Night

A poem by Madison Julius Cawein

Out of the East, as from an unknown shore,
Thou comest with thy children in thine arms,
Slumber and Dream, whom mortals all adore,
Their flowing raiment sculptured to their charms:
Soft on thy breast thy lovely children rest,
Laid like twin roses in one balmy nest.
Silent thou comest, swiftly too and slow.
There is no other presence like to thine,
When thou approachest with thy babes divine,
Thy shadowy face above them bending low,
Blowing the ringlets from their brows of snow.
Oft have I taken Sleep from thy dark arms,
And fondled her fair head, with poppies wreathed,
Within my bosom's depths, until its storms
With her were hushed and I but faintly breathed.
And then her sister, Dream, with frolic art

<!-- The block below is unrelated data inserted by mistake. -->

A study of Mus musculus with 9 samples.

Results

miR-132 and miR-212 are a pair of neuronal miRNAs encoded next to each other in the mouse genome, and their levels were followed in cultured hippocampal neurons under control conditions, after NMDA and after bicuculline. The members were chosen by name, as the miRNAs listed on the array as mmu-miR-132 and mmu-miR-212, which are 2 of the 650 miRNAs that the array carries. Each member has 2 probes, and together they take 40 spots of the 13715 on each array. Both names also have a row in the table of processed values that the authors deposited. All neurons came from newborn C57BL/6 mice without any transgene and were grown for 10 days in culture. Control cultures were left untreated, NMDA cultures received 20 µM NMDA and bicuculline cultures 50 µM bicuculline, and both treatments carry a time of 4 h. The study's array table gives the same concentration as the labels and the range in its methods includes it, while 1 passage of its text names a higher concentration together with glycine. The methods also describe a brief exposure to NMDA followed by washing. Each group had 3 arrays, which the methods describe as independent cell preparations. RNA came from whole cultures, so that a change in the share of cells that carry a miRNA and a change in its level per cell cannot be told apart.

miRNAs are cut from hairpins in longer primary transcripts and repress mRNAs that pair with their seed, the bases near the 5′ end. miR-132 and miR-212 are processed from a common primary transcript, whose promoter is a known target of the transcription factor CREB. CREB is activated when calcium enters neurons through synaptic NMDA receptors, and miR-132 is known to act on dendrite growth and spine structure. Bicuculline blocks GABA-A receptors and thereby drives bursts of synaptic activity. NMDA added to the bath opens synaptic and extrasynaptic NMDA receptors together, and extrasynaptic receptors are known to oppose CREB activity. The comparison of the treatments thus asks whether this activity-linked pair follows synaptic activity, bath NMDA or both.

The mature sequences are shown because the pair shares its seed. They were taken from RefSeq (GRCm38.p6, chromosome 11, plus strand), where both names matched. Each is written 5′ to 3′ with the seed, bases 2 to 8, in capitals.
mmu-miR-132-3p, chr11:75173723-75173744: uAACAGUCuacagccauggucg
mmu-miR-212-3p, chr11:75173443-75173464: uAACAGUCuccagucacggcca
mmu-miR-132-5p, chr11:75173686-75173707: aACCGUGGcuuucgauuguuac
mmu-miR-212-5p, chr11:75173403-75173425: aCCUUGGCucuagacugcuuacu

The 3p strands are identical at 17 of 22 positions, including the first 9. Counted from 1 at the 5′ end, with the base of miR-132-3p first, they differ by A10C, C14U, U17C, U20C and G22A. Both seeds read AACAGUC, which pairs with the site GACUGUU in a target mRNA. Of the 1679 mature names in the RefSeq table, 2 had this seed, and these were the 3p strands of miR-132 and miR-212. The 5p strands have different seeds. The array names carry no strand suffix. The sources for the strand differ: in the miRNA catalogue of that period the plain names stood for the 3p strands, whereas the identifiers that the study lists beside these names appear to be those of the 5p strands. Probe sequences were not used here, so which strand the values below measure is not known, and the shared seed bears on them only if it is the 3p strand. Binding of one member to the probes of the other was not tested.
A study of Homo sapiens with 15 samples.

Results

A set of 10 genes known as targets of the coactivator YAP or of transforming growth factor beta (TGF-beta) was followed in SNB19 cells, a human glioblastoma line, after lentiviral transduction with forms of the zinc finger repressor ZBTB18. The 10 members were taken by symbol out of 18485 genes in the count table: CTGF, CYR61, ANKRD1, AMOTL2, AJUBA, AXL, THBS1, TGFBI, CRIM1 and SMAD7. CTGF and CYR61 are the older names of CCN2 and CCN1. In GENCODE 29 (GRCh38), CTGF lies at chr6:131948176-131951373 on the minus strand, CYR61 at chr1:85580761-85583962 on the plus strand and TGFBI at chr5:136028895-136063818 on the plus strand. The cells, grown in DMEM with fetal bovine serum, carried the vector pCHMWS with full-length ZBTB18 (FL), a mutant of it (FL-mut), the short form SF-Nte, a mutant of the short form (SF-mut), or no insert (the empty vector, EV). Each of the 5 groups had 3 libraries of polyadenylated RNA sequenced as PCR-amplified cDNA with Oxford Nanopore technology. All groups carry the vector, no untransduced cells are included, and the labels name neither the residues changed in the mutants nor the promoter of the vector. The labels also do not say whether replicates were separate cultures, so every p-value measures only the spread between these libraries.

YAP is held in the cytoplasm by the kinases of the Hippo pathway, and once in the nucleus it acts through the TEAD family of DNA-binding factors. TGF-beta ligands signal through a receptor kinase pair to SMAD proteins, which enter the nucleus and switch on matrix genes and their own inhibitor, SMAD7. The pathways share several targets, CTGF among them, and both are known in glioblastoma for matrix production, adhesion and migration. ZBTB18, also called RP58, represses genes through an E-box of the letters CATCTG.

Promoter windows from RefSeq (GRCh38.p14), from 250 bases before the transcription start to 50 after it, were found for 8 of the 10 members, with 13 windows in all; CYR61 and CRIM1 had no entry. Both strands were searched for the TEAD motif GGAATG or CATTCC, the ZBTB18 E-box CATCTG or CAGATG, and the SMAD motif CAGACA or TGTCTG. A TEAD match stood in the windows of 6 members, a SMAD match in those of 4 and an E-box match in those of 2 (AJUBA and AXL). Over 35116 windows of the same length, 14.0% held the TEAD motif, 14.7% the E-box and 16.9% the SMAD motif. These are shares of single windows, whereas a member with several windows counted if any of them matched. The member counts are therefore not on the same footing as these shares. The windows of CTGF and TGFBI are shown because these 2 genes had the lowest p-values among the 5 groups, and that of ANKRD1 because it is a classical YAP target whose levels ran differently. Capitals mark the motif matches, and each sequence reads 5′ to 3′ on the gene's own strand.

Arose from rest, and on my sleeping heart
Blew bubbles of dreams where elfin worlds were lost;
Worlds where my stranger soul sang songs to me,
And talked with spirits by a rainbowed sea,
Or smiled, an unfamiliar shape of frost,
Floating on gales of breathless melody.
Day comes to us in garish glory garbed;
But thou, thou bringest to the tired heart
Rest and deep silence, in which are absorbed
All the vain tumults of the mind and mart.
Whether thou comest with hands full of stars,
Or clothed in storm and clouds, the lightning bars,
Rolling the thunder like some mighty dress,
God moves with thee; we seem to hear His feet,
Wind-like, along the floors of Heaven beat;
To see His face, revealed in awfulness,
Through thee, O Night, to ban us or to bless.